Young girls and women are twice as likely to receive depression diagnosis
Prior to puberty, the prevalence of depression in boys and girls is similar, but once they reach adolescence, girls are almost twice as likely to be diagnosed with the condition.
What causes this disparity is not yet clear and is likely due to many different factors. One possible culprit is puberty.
On average, girls experience puberty, and the accompanying hormonal changes, much earlier than boys. Physical changes can prompt questions about sexual identity; affect peer relationships; and may leave girls more open to body image concerns or bullying related to physical appearance.
Also, despite advancements, young females still experience a different -- and, at times, more challenging -- social landscape than their male counterparts, and this disparity may also play a role in the development of emotional problems.
Teens who are experiencing depression may show changes in mood, such as an increase in feelings of sadness, irritability, and anger.
They may be more down on themselves, express more guilt and hopelessness, and may no longer seem to have fun with activities they one enjoyed.
Common symptoms of depression in teens also include withdrawing from others; fatigue; changes in appetite; disturbances in sleep; poor motivation; a decline in academic performance; and difficulty with concentration. Suicidal thoughts or self-injurious behaviors can also be very serious signs of depression.
Screening for depression at annual doctor's appointments can be very helpful in identifying teens who may be in need of intervention.
While it is common for teens to have mood swings and stressful times, symptoms persisting beyond a couple of weeks could indicate something more. When in doubt, parents should err on the side of caution. It is never a waste of time to give a child a mental health checkup.
5 things to know about teens and depression
• Breaking news for us is often old news for them. Teenagers are skilled at hiding many things about their lives, which is part of the developmental task of becoming independent. Often teens approach parents about emotional problems after they have failed to solve the problem on their own.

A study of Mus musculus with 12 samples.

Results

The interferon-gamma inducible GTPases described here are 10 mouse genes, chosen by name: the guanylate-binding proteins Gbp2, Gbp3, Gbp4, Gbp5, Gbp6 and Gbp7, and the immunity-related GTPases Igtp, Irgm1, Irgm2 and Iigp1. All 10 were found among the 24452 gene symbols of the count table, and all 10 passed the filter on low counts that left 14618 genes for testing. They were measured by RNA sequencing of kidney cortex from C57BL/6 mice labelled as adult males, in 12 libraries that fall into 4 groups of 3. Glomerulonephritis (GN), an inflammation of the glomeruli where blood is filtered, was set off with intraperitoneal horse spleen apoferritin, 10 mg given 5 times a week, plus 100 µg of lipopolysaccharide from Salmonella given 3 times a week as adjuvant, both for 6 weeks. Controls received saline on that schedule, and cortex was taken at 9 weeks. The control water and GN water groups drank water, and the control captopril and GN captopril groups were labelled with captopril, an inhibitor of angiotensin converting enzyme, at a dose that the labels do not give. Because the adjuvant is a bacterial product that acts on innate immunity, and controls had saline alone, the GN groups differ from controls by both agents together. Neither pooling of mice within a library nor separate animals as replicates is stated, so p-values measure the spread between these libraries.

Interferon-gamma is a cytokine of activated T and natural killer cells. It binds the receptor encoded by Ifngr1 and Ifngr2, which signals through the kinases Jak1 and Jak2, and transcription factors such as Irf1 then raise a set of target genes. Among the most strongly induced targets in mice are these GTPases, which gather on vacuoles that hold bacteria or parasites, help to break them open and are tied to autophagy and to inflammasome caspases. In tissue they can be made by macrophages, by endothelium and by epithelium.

• Your child can smile and laugh with friends and still be depressed. Being depressed doesn't mean a teen never experiences happy moments and teens are often happiest with their friends. Still, many depressed teens report that although they seem happy when with their peers, they are actually struggling to maintain that appearance.
• Sometimes there is no good explanation for the existence of depression. There are many reasons why individuals might become depressed, including biological tendencies and hormones. This can confuse teens, who fail to understand why they feel so sad, and parents, who might put the blame on themselves.
• Depression is treatable. Just because your child is depressed now, does not mean that he or she will be dealing with this forever. While some people do struggle with depression throughout their lives, others might experience depression during these tumultuous teen years and then never again. Either way, treatment is available.
• "Is it depression or attention seeking?" It doesn't really matter. If a teen chooses to seek attention by "acting depressed," there is reason to intervene. Someone who chooses to seek attention by identifying as depressed may truly be struggling and may be at risk of making unsafe or harmful choices. In either case, attention is warranted.
Parents who have concerns about a child's emotional well-being should speak with the child's pediatrician, school social worker, or schedule an appointment with a mental health professional. In the case of serious or life threatening behavior, such as thoughts about suicide or self-harm, parents should call 911 or take the child to the emergency room.
• Children's health is an ongoing series. This week's article is courtesy of Dr. Gabrielle Roberts, a pediatric psychologist at Advocate Children's Hospital in Oak Lawn.